Just another hazy, polluted day in Delhi. But despite the weather last Friday, the mood in the GP India team was sunny and full of anticipation.
It's been almost two years since the Government started its clampdown on Greenpeace India. The period since then has been one of the toughest times we’ve experienced as an organisation, although there have certainly been ups as well as downs.
So when we heard we had been nominated for the eNgo challenge awards - in the category recognising the best use of website and internet tools - it was a little chink of light at the end of the tunnel. Not to mention the promise of a team trip to the awards ceremony in Delhi!
As we hopped into a taxi and headed to the venue though, the nasty mix of smog, vehicle exhaust and smoke turned thoughts to air pollution, an issue we’ve continued to campaign hard on throughout the crackdowns.
The car drew to a halt at traffic lights; the red of the lights accompanied by a second red board, communicating another warning. This was a digital Air Quality Index (AQI) board displaying air quality readings - a rare sight in India but one most visible in Delhi.
We asked the driver, Pushpaker Singh whether the AQI readings helped him to protect him and his family from toxic air. He gave an unequivocal ‘no’. He sees them every day but finds no real value in the AQI display - to him it was just colour without meaning.
This is a tale we’ve heard all too many times. The information which the current crop of AQI stations displays is not clear enough - people don’t know what the different levels mean or what precautions they should take to protect themselves against air pollution as a result. Worse, the displays are both too few and too concentrated in Delhi.
Our driver added that he wouldn’t bother taking any precautions until it got to the point where he had to go to hospital. He also informed us that his daughter suffers from asthma. Sadly, his daughter is not alone. 35% of schoolchildren in India have poor lung health.
He was confident that the Government is aware of the issues but thought their lack of action on air pollution was probably a result of a general confusion. Still, he welcomed existing Government initiatives, like the plan to incentivise drivers to replace their old vehicles with more energy-efficient modern ones.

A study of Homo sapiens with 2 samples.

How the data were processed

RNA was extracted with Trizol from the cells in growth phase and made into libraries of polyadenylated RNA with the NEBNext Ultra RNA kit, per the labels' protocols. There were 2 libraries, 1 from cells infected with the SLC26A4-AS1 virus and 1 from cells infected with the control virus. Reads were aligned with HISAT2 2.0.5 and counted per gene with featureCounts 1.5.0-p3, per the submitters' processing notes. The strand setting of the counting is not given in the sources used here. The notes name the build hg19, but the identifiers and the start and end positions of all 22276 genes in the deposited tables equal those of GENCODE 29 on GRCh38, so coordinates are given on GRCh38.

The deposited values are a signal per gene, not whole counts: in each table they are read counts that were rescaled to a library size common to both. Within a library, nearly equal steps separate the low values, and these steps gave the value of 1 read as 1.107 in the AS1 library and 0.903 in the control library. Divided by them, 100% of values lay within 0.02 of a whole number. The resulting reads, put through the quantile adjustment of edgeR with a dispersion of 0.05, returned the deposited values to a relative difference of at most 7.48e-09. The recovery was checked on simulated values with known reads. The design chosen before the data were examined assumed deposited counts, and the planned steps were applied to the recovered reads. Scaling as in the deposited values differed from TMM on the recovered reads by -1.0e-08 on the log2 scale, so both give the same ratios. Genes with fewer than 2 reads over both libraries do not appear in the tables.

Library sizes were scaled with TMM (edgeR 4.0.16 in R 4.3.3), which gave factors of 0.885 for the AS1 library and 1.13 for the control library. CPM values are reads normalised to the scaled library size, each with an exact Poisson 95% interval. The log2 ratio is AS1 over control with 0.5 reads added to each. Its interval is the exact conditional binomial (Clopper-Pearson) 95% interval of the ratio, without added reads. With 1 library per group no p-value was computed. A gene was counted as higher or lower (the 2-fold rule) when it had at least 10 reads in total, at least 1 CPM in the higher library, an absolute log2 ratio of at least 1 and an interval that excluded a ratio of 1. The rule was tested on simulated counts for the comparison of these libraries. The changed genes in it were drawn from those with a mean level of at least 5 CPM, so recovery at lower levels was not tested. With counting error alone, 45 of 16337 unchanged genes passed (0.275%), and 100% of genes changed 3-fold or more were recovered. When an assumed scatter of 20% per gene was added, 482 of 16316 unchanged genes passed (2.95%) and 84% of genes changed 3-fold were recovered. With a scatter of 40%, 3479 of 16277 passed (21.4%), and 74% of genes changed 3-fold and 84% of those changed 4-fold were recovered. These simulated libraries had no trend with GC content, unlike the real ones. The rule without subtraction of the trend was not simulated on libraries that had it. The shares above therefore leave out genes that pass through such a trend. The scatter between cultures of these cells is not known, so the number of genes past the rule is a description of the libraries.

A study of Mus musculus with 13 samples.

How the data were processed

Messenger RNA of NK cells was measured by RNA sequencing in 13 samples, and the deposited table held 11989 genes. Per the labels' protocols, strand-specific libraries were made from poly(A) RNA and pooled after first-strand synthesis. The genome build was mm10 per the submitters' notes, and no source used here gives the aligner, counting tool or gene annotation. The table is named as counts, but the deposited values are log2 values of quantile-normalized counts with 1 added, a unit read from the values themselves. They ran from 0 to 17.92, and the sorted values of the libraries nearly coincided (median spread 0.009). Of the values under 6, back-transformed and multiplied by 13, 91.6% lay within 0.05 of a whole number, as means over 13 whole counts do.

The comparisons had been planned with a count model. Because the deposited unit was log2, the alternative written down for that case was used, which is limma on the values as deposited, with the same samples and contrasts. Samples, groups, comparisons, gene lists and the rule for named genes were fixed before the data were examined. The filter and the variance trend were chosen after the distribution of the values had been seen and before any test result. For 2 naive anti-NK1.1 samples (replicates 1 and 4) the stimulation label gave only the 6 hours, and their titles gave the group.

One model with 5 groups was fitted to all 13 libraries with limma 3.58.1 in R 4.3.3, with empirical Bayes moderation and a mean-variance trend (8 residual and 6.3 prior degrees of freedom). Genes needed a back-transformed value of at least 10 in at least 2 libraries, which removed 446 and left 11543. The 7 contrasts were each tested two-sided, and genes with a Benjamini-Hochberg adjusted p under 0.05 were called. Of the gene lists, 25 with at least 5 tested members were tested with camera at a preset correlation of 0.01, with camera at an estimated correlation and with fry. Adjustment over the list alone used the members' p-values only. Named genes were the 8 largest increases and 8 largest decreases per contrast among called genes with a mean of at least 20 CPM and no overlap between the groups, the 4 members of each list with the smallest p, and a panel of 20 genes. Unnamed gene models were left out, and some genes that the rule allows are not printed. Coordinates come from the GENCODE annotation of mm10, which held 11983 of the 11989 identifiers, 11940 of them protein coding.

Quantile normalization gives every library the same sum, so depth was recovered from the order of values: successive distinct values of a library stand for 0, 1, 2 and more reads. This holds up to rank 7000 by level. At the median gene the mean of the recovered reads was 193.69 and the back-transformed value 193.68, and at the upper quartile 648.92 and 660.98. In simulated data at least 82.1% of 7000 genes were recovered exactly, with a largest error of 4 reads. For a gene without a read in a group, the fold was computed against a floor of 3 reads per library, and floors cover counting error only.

We asked him to look after himself a bit better and wear a face mask when the AQI level went past 200. Let’s hope he takes the advice! And that together we can create a cleaner future for our children. I for one believe strongly that we can.
The eNGO ceremony itself was fantastic. It was incredibly inspiring to hear about NGOs - tiny and large - who are making use of the new technologies at our fingertips to reach new audiences and increase their impact.
We heard about grassroots level livestock workers, who are usually entrepreneurs and commonly known as “Para-vets”, who are using a smartphone app to deliver cattle health services to smallholder cattle farmers living in remote rural areas. And the non-profit using new digital platforms to help give visually impaired children access to the the rich world of children’s literature. A non-profit which collects unused surplus food left and working towards “Zero Food Wastage.”
Seeing the level of passion and innovation amongst the NGO community in India gives me great confidence for the future. Both that we can come together to harness these new technologies to tackle pressing issues like air pollution, and also that civil society can overcome the challenges ahead to continue to thrive and shape India’s future.
We were thrilled to be invited onto the stage to receive a special ‘Chairman’s Mention’ award for the best use of website and internet tools. To cheers and applause, the host told us, “it is an honour to honour you.” A special moment for all of us. This award is for all of our supporters who have stood by us to continue to campaign for a better India and a better planet. Thank you! Your support keeps us going.
As we left the awards, the buzz of the ceremony still fresh, the AQI board read “275 Unhealthy”. The words of poet Robert Frost came to mind.
‘The woods are lovely,
dark and deep,
But I have promises to keep,
And miles to go before I sleep.’
We may have miles to go, but we are on our way, and will not stop until we reach our destination.
Stand with us and join the Clean Air Nation.